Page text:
A user interface, as recently described, is a collection of techniques and mechanisms to interact with something. In a graphical interface, the primary interaction mechanism is a pointing device of some kind. This device is the electronic equivalent to the human hand. What the user interacts with is a collection of elements referred to as objects. They can be seen, heard, touched, or otherwise perceived. Objects are always visible to the user and are used to perform tasks. They are interacted with as entities independent of all other objects. People perform operations, called actions, on objects. The operations include accessing and modifying objects by pointing, selecting, and manipulating. All objects have standard resulting behaviors.
The Popularity of Graphics
Graphics revolutionized design and the user interface. A graphical screen bore scant resemblance to its earlier text-based colleagues. Whereas the older text-based screen possessed a one-dimensional, text-oriented, form-like quality, graphic screens assumed a three-dimensional look. Information floated in windows, small rectangular boxes that seemed to rise above the background plane. Windows could also float above other windows. Controls appeared to rise above the screen and move when activated. Lines appeared to be etched into the screen. Information could appear and disappear as needed, and in some cases text could be replaced by graphical images called icons. These icons could represent objects or actions.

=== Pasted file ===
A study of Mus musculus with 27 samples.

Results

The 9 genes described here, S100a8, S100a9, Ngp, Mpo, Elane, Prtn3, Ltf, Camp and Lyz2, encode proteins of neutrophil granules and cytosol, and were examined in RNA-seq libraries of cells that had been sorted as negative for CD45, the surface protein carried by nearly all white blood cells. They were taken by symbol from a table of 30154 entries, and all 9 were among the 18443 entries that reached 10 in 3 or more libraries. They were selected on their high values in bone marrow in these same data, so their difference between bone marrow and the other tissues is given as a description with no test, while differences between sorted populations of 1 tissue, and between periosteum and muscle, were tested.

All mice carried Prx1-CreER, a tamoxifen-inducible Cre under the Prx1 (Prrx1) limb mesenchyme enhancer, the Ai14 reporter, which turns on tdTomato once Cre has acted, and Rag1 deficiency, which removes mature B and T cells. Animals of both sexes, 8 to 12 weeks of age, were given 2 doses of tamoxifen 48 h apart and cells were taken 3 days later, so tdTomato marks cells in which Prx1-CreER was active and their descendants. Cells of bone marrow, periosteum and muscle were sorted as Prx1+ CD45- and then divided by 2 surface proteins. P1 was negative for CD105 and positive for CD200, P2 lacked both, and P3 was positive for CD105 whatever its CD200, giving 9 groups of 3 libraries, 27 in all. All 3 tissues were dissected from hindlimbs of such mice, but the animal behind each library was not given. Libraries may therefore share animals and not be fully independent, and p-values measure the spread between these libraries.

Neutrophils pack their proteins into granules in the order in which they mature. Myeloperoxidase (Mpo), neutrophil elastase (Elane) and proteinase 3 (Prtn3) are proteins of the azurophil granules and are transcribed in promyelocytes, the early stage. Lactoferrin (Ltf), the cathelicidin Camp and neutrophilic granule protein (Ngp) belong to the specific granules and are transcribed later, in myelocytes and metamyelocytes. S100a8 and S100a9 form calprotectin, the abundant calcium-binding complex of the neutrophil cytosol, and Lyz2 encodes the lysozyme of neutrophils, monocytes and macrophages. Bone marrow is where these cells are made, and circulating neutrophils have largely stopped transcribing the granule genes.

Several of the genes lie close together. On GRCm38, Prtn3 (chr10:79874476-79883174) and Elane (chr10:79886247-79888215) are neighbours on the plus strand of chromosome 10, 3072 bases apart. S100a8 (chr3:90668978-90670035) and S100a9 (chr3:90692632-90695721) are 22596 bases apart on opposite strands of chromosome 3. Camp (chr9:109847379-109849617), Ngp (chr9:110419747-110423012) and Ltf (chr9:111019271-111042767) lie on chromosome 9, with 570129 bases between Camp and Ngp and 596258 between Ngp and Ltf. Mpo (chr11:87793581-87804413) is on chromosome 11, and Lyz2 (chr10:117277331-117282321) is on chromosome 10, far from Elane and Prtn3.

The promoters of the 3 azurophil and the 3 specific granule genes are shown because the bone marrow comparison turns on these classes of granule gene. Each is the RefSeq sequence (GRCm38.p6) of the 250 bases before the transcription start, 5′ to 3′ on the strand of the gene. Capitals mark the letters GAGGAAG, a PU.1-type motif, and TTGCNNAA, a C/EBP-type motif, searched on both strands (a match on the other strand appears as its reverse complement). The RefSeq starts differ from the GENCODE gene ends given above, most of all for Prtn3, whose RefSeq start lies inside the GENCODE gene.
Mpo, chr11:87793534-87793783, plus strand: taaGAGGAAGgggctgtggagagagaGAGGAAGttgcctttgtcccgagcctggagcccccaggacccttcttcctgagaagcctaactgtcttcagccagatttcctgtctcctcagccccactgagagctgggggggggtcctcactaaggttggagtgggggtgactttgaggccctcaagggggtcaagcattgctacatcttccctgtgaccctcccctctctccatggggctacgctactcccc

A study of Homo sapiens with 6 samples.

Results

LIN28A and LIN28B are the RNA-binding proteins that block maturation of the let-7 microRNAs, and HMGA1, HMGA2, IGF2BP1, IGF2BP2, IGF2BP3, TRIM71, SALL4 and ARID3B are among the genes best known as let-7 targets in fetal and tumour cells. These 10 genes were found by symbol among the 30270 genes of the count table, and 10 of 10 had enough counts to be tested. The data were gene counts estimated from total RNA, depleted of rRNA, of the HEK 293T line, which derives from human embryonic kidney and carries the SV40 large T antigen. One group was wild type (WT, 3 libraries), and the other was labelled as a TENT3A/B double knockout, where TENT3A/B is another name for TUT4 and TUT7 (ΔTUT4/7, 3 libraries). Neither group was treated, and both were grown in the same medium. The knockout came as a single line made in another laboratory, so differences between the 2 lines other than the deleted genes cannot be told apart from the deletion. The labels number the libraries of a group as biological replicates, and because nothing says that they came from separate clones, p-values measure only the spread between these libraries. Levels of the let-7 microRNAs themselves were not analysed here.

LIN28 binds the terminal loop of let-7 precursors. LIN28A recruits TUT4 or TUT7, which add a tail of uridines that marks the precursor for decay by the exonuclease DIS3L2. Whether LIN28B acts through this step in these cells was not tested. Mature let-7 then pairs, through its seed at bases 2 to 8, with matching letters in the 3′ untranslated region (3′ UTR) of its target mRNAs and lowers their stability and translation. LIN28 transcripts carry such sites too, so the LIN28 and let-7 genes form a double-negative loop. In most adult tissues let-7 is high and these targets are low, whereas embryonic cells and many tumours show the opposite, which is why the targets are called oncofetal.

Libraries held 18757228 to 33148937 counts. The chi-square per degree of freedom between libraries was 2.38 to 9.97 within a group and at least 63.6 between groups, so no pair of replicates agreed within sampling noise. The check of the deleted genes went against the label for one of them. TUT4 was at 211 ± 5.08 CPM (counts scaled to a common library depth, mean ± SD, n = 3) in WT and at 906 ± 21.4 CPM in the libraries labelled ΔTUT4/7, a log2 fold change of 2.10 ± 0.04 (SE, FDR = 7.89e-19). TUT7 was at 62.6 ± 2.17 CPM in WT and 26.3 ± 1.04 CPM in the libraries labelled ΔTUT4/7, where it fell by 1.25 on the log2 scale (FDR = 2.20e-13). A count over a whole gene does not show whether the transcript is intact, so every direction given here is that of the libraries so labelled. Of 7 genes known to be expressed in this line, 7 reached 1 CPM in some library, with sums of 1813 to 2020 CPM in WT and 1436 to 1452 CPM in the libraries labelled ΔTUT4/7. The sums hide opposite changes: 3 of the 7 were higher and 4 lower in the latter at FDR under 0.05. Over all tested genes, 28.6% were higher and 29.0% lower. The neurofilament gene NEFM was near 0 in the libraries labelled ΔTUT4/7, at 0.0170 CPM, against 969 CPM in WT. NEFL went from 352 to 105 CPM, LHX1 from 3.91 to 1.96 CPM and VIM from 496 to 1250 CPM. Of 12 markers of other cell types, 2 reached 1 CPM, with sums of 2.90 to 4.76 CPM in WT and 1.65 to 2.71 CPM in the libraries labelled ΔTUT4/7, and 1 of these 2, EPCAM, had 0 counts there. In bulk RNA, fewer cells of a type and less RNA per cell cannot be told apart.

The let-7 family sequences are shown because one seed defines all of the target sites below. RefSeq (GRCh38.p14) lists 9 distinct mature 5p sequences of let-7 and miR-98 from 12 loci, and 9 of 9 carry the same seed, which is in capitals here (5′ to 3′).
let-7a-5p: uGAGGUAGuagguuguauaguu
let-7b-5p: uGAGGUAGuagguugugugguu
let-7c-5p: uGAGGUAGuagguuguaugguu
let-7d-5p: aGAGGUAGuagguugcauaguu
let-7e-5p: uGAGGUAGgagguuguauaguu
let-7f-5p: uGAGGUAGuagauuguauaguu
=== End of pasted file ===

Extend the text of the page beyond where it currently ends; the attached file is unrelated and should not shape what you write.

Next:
Screen navigation and commands are executed through menu bars and pull-down menus. Menus “pop up” on the screen. In the screen body, selection fields such as radio buttons, check boxes, list boxes, and palettes co-existed with the reliable old text entry field. More sophisticated text entry fields with attached or drop-down menus of alternative options also became available. Screen objects and actions are typically selected through use of pointing mechanisms, such as the mouse or joystick, instead of the traditional keyboard.
Increased computer power and the vast improvement in the display enable a system to react to the user’s actions quickly, dynamically, and meaningfully. This new interface was characterized as representing one’s “desktop” with scattered notes, papers, and objects such as files, trays, and trash cans arrayed around the screen. It is sometimes referred to as the WIMP interface: windows, icons, menus, and pointing device.
Graphic presentation of information utilizes a person’s information-processing capabilities much more effectively than other presentation methods. Properly used, it reduces the requirement for perceptual and mental information recoding and re-organization, and also reduces the memory loads. It permits faster information transfer between computers and people by permitting more visual comparisons of amounts, trends, or relationships; more compact representation of information; and simplificationof the perception of structure. Graphics also can add appeal or charm to the interface and permit greater customization to create a unique corporate or organization style.